Memory is a tricky thing, especially when you’ve executed (happily, even when torturous) countless interviews where thousands of voices beyond your own (okay, my own) boil over and blur into one surreal cauldron. Years of conversations you’ve had with lovers, haters, friends, and family blend seamlessly into those you’ve had with strangers. Speaking to that, my interviews with Aphex Twin’s Richard James for various magazines at the top of the ’90s (three, if remembered correctly) are missing and gone. Paper deteriorates. Early ’90s computer technology can’t be read—talk to anyone with floppy discs or DATs. Google isn’t the completist you’ve imagined.
What’s recalled, then, about speaking to the mostly quiet, boy-genius James—first—around the time of his immediate Aphex Twin classic Selected Ambient Works 85–92 was that he sought to move from his start having all but created Brit acid house into a brand of miniaturized abstract and ambient soundscape by 1992. Not unlike Brian Eno’s brief blips that filled the sinister, imaginary Music for Films, A-Twin’s Selected Ambient Works 85–92 was ripe with flanged and emotive squiggles of collage-like environments and phase-shifting mini-worlds within other weirder worlds. What made James’s tape-fluctuated Works work, so uniquely, was the manner in which he altered his own equipment in his Cornwall bedsit. Such customization made it that every one moment—like live theater—was unrepeatable and unlike its next iteration.
The act of theater must have been a big concept for Aphex-James. Always quick to improvise his way into the next thing (see his moves into hard drilling drum & bass and jarring jungle on the Richard D. James Album), with many musical aliases (Caustic Window, Boy on Dope, Polygon Window) and plentiful masks, this guy could’ve been an actor. Morphing his beardo visage into something hideous or grafting his head onto women’s bodies for unknown effect was but one mysterious gender-baiting element of his aesthetic.
There was something of a reveal, however, that went with the sonic shifts of his first two Warp albums, 1995’s aggressive percussion-driven …I Care Because You Do and the hyper-breakbeaten, jagged jungle-filled Richard D. James Album of 1996. Having interviewed him again around this time, James was no more revealing in his conversation—beyond his tech—than he had been previously. But showing himself as easily influenced and willingly inspired by the music around him on the Richard D. James Album proves how Aphex Twin was openly receptive, and something of a lightning rod. (You could also look at this cynically as someone bereft of direction, or struck by writer’s block as David Bowie was a year later by releasing his own jungle effort, Earthling.)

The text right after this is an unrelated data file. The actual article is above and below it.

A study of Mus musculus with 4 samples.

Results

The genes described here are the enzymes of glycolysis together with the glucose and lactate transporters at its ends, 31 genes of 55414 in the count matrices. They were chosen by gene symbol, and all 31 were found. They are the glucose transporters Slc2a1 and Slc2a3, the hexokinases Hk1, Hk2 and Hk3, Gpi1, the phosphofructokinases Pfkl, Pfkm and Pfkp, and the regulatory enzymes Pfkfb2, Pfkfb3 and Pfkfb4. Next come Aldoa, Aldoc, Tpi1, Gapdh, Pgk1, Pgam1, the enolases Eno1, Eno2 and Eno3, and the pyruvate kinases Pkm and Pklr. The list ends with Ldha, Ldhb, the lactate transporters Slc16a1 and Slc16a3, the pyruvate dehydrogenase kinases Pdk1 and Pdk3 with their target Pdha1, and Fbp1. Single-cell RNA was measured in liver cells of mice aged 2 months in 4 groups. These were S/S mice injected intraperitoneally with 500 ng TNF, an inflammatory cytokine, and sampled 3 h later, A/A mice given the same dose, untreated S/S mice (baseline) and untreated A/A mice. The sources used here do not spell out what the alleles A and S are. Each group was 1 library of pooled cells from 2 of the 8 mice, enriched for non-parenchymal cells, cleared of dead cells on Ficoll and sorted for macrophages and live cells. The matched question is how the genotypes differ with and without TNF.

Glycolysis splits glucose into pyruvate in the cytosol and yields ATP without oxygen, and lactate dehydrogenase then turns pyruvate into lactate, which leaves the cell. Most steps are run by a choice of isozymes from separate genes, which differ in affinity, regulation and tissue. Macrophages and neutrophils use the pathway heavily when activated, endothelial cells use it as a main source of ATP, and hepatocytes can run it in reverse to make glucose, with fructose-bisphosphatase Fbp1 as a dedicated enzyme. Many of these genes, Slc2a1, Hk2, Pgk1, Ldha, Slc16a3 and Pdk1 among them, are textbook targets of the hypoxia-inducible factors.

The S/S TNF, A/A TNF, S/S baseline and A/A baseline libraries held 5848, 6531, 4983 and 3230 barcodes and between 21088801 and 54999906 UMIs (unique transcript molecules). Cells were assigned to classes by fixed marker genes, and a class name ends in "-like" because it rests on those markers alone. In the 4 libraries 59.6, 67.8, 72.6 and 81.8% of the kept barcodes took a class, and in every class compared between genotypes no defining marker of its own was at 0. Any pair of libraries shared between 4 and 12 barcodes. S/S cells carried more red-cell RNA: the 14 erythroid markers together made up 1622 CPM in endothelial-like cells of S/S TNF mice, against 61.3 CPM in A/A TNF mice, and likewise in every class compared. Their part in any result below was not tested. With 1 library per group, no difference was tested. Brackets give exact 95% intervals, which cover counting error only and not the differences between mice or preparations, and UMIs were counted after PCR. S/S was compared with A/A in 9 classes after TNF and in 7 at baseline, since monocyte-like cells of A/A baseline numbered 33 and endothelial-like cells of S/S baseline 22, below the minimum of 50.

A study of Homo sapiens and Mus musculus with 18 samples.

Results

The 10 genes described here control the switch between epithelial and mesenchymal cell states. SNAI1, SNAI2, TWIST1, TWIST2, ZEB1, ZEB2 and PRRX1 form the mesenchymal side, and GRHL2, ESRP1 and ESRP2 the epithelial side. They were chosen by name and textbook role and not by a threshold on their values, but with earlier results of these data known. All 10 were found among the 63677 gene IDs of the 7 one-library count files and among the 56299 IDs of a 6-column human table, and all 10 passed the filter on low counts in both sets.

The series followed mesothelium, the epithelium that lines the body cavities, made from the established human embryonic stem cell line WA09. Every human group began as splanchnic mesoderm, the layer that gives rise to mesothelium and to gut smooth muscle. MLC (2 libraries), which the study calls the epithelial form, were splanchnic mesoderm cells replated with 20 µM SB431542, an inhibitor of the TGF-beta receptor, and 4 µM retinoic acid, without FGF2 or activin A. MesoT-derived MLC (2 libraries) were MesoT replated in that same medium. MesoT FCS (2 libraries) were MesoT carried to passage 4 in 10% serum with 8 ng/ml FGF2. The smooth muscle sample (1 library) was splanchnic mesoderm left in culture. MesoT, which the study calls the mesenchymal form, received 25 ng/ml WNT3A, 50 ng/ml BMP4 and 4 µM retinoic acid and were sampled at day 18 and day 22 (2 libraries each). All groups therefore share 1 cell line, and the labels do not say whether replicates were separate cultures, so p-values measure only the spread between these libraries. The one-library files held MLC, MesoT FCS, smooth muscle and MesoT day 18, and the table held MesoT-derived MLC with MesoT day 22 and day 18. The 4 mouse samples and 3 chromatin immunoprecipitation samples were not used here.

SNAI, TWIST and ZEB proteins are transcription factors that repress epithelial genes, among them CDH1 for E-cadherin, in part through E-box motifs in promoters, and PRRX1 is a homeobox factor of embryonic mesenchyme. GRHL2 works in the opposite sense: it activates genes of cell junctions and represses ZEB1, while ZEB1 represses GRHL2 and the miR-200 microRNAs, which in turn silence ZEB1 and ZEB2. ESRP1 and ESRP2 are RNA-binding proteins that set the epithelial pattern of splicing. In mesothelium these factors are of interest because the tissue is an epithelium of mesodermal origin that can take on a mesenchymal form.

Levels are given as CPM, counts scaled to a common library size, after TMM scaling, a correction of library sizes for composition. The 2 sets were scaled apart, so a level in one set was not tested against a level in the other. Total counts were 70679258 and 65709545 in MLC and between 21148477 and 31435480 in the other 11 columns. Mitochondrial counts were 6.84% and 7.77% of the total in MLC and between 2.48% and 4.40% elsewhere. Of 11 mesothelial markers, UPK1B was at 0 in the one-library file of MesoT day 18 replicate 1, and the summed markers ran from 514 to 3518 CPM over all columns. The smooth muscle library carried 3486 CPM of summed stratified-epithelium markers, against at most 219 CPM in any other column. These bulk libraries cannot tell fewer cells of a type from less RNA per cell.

Both featuring James self-portraits—one illustrated and exaggerated, one photographed with a maniacal toothy grin—the illusion created is one of personal revelation, of something naked and honest, even if he looks bent and mean. Plus, no joke, early limited editions of James’s eponymously titled album came with a plastic baggie filled with a lock of James’s hair. That’s a tell. Yet, to a guy with a dozen aliases, what’s in a tell or a name, even if it’s one you were born with?
The rare but creeping influence of other mid-’90s electronic music contemporaries such as the jazzily complex Squarepusher and the techno trip-hopping Luke Vibert show a differing strain of honesty for James. The art of obvious inspiration, especially by those immediately around him (Squarepusher was actually then a new signee to Aphex’s Rephlex label) was a form of open communion. Squarepusher’s own sound—the progressive rock version of jungle with its overly ornate and complex bridges, outre rhythmic passages (his live instrumental specialty was bass) and veers into the electro-acoustic—was like honey to Aphex Twin. So too was Squarepusher’s reach into the clean, clarity of digital music making.
The all-digital creation/production of the Richard D. James Album (…I Care was Aphex’s last album recorded with analog technology as its guiding force) was executed exclusively by Aphex Twin (credited as “Me”) right down to the album’s cover. Like 1995’s …I Care, Richard D. James Album’s elegant and highly composed melodies are beautiful, lush, cleanly orchestrated and even fragile. The inspirations are wide-ranging and diverse, touching on elements of jazz, classical, and traditional lullabies—enough so to allow Aphex Twin his first straightforward vocal moment on “Milkman.” But like the harshest of Squarepusher’s most complicated tracks, Aphex Twin’s 1996 album is brutal and occasionally jack-hammering-ly violent while maintaining a high profile of contagion and gentility. For all its vicious, slamming rhythms and harsh, harrowing speeds, the Richard D. James Album is Aphex Twin’s most easily accessible full-length—a raw, but eloquent record that welcomes the listener with his most warmly inviting melodies, then slaps them around, tweaks their earlobes, and kicks out their balance from under them.
Back in the day, James’s Rephlex Records gave Aphex Twin its own brand name, braindance, with the claim that his was a self-made genre that encompassed “the best elements of all genres, e.g., traditional, classical, electronic music, popular, modern, industrial, ambient, hip-hop, electro, house, techno, breakbeat, hardcore, ragga, garage, drum and bass, etc.” If any of his recordings intentionally encompassed such a credo, then soared far beyond such a mantra, it’s Aphex Twin’s Richard D. James Album. He probably told me all that. I just don’t remember.